Rio Ferdinand has explained how the Manchester United dressing room helped mould Cristiano Ronaldo into the superstar he is today with some very tough love.
Ronaldo joined the Red Devils from Sporting Lisbon back in 2003 as a raw talent. He spent six years at Old Trafford where he won a Ballon d'Or, three Premier League titles and the Champions League before departing for Real Madrid.
The Portugual international grew up considerably in the time he spent at United, moving to Madrid as one of the greatest players to have ever graced the game and going on to win a further four Ballon d'Or awards, two La Liga titles and four Champions Leagues.
Ronaldo always had the makings of a top professional, but his former teammate Ferdinand reckons it was the United dressing room kicking him in training that made a man out of him.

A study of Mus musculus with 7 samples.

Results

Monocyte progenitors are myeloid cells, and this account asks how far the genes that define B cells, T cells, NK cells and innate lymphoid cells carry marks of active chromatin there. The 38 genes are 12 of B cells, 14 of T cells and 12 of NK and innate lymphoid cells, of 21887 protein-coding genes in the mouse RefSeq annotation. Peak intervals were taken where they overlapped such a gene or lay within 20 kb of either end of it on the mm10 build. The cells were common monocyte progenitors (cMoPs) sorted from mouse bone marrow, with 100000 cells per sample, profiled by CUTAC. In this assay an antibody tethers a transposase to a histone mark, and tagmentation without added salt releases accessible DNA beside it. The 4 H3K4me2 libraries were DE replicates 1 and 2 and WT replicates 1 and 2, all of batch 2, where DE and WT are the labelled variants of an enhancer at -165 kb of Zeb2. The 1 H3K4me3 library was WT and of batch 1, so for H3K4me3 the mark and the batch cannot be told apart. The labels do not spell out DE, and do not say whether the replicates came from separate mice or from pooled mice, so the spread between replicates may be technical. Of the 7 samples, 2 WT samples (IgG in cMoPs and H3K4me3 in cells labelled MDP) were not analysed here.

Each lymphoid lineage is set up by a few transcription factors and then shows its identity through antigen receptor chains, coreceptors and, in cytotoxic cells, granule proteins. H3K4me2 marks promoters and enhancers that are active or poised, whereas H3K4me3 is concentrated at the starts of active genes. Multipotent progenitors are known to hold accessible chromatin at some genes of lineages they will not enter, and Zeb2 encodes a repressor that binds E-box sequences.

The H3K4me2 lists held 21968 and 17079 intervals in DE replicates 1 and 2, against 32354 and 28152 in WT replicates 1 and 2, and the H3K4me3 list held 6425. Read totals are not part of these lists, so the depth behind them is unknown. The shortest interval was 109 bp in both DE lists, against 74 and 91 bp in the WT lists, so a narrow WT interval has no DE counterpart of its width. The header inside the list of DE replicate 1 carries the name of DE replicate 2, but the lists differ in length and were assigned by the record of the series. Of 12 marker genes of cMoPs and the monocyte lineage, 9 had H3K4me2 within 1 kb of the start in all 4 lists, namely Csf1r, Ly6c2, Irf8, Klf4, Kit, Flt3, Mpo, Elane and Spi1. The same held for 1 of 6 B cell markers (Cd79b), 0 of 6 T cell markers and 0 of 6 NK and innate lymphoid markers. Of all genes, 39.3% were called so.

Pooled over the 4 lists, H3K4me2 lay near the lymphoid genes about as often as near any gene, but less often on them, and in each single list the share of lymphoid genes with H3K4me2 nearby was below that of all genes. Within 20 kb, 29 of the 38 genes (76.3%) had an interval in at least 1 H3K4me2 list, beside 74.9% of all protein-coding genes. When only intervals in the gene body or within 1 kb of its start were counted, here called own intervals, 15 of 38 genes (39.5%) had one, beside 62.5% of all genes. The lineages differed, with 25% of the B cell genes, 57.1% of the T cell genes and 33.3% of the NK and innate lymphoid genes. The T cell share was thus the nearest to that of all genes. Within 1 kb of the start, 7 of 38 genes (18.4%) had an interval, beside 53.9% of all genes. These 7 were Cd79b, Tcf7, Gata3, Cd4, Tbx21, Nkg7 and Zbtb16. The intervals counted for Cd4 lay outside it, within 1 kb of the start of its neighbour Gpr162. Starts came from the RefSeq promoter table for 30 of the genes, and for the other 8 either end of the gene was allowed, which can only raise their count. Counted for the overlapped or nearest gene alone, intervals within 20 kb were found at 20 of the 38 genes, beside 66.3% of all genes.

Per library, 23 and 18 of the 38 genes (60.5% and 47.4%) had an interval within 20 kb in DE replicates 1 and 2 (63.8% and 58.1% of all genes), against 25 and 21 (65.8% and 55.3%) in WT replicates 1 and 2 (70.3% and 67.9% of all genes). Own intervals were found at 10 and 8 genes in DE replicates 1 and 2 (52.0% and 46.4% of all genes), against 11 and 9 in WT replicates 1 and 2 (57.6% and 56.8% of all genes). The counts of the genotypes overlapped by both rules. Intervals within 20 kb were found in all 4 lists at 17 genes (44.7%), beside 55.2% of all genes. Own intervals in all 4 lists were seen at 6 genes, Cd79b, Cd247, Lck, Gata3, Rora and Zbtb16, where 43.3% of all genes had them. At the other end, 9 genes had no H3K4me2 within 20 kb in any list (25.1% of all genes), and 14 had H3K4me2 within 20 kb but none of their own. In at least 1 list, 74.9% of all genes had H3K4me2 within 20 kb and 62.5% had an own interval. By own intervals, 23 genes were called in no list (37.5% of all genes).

Ferdinand told William Hill: "The Ronaldo that people have seen the last four, five or six years is not the Ronaldo who came to United. He was a showman. People would come to the stadium going 'I have come to see Ronaldo get me off my seat today'. That's what it was like.
"Now, at the back end of his career, it's like 'I'm coming to see a moment in the game, where he decides the game'. Whereas before, he could give you five, six, seven, eight, nine or 10 moments in the game, because he was just pure skill.
"He might score, he might set one up, but it was just about making someone look stupid, he wanted to embarrass people, he was a joke, man, an unbelievable player.
Ronaldo made a fairytale return to United in the summer of 2021 after 12 years away at Real Madrid and Juventus.
But the 37-year-old hasn't enjoyed the same success at Old Trafford this time round and has even found first-team football more difficult to come by, with Erik ten Hag largely overlooking the forward for selection.